Frango com Quiabo (Brazilian chicken with okra)

1 Feb

Well, we made it to Brazil. This is B’s home turf of cooking, a world of South American food with a European sensibility. Learning recipes from B is a joy. She is such a natural cook, I know her dad, who by all accounts was a pretty incredible man and cook, had a whole lot to do with that.

I had a look around at traditional Brazilian recipes, and was intrigued by the sound of this chicken which is cooked with vinegar. Okra is a vegetable I have always been afraid of cooking it, given that the texture is dubious to say the least. B allayed my fears by assuring me that with her father Dick’s method, the okra is just lightly steamed, and never stirred, so it does not get slimy at all. She was of course spot on. And the okra that lands in the sauce thickens it perfectly.

You’ll need some chicken thighs still on the bone, garlic, an onion, some small okra, half a green chilli, salt, pepper, olive oil, tomato paste and vinegar… I used super basic white vinegar, it was perfect. Thighs on the bone will give you the best flavour.

The thighs marinate before cooking, for at least an hour, I left them marinating overnight. I’m an overachiever like that.

First step is to make a garlic paste with salt, if you have a mortar and pestle it would be ideal to use that, instead I minced the garlic with a microplane and then mashed the salt in well. This paste is often used as a base of a flavour in Brazilian food.

Then add a couple of grinds of pepper, vinegar and some oil. Mix well.

Chop up the onion, then put the chicken thighs in a container that will sit well in the fridge, and rub well with the paste and the onions. Cover with plastic and leave to marinate refrigerated.

When the chicken has marinated, add enough oil to cover the base of a large heavy bottomed pan, and brown the thighs. I did this in two batches to give the thighs space in the pan. I found I had to keep the heat on medium so as not to over cook the onion while the chicken browned lightly.

When browned, put the chicken in the saucepan together with a generous grind of pepper, and the tomato paste. Then top up with water until just barely covered.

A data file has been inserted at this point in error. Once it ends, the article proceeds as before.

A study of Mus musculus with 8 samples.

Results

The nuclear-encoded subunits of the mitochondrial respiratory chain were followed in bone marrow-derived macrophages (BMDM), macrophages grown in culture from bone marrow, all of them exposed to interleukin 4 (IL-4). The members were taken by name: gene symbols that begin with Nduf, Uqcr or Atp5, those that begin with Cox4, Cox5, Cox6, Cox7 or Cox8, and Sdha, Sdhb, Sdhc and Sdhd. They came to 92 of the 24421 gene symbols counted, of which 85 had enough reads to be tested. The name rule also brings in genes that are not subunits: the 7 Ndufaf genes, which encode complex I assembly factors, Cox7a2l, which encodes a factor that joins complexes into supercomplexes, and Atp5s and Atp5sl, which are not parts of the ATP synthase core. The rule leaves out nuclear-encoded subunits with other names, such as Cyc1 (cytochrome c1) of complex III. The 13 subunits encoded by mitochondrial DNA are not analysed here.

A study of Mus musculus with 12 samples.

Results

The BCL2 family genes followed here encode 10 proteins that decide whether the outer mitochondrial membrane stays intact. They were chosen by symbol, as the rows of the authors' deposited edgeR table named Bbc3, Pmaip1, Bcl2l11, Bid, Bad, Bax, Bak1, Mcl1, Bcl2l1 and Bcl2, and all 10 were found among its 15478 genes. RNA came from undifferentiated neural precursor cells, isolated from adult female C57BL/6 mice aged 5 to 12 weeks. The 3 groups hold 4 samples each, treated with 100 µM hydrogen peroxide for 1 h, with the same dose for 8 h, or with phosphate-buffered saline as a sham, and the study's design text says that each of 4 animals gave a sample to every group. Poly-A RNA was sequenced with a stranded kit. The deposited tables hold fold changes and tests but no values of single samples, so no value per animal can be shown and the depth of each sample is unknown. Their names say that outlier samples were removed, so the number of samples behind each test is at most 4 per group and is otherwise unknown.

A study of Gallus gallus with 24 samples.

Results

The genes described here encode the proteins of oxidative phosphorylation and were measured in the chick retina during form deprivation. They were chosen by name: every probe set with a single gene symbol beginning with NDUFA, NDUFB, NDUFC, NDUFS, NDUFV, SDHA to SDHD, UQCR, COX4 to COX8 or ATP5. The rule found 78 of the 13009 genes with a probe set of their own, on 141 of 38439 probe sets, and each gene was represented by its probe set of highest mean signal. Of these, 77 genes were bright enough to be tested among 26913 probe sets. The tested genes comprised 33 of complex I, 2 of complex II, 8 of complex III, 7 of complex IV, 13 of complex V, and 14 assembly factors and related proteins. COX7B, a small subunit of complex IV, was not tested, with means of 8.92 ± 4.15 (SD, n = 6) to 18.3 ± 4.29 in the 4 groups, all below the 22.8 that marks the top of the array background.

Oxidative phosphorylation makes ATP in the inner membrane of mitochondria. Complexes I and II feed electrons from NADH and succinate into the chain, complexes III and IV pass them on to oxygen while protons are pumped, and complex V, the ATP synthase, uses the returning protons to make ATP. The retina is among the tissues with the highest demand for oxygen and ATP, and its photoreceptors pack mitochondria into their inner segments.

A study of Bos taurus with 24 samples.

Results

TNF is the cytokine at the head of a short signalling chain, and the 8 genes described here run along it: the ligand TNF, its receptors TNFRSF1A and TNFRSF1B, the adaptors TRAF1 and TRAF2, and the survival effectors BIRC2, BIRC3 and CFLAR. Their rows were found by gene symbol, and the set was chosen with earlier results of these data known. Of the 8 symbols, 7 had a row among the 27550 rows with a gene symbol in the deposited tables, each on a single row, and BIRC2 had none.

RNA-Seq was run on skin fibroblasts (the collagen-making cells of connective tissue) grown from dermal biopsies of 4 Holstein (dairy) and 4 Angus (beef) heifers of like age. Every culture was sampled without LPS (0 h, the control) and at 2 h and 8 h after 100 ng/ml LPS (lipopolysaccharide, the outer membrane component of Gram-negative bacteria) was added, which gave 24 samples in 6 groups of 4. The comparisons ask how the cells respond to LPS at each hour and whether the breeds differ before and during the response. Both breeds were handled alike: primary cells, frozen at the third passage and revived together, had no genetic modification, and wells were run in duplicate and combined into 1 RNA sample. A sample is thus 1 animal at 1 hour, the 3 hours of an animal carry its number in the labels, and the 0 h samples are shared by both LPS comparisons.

Bring the saucepan to a boil, and allow to simmer turning occasionally until the liquid is reduced by at least half, and the chicken is very tender. Taste for seasoning, and even a little for vinegar if you feel it needs some more acidity. The chilli will add some piquancy.

Chop up the chilli finely, and the okra thinly.

Who would know okra’s ugly exterior would have such a pretty doily like interior when you chop it?

Spread the chilli and okra on the top of the chicken in the saucepan, put the lid on and let the okra steam for about 10 minutes. Don’t stir the okra, this is key.

Then it is ready to serve with some rice.

We loved it. Healthy, flavoursome, and has a delicious rich sauce. Jason commented that it reminded him of a dish he adores, chicken cacciatore. What surprises me about the Brazilian food I have made or eaten so far is the finesse in the flavours, quite different to the other flavours I know of South and Central America.

Thanks for this recipe B, and all of the coaching as I cooked it.

Oh yeah, tag! You’re ‘it’ now.


serves four

6-8 chicken thighs on the bone
3 large garlic cloves
1/2 tablespoon salt
freshly ground black pepper
three tablespoons olive or vegetable oil
1 brown onion, finely chopped
1 tablespoon white vinegar
2 tablespoons tomato paste
half a green chilli, finely chopped
10 small okra

Mash the garlic with the salt to make a paste. Add a grind or two of pepper, the vinegar and a tablespoon of oil. Mix well and then rub on to the chicken. Mix onion through chicken also and allow to marinate for at least an hour.

When chicken has marinated, add two tablespoons of oil to a heavy bottomed pan and brown the thighs and onion, in batches if need be, to allow space around the thighs.

When browned, put all of the chicken back in to the saucepan and grind a generous amount of pepper over them, then add the tomato paste and enough water to just cover the chicken. Cook until very tender and the liquid has reduced somewhat.

Thinly slice okra and scatter over the chicken along with the chilli pepper. Cover and allow the okra to steam for ten minutes or until cooked. Do not stir.

Serve with rice.

3 Responses to “Frango com Quiabo (Brazilian chicken with okra)”

  1. Sunny@PositivelyStrong 13/08/2014 at 5:06 pm #

    This is the best chicken recipe ever! Our new family favorite, I make it on a weekly basis. Thanks for posting!

    • Alice 13/08/2014 at 10:08 pm #

      That is fantastic! I haven’t made it in quite a while, I think you have inspired me to try it again.

  2. Dee 16/06/2019 at 10:52 am #

    You do know that African influence from the slaves has a big influence in many of the foods and staples of Brazil?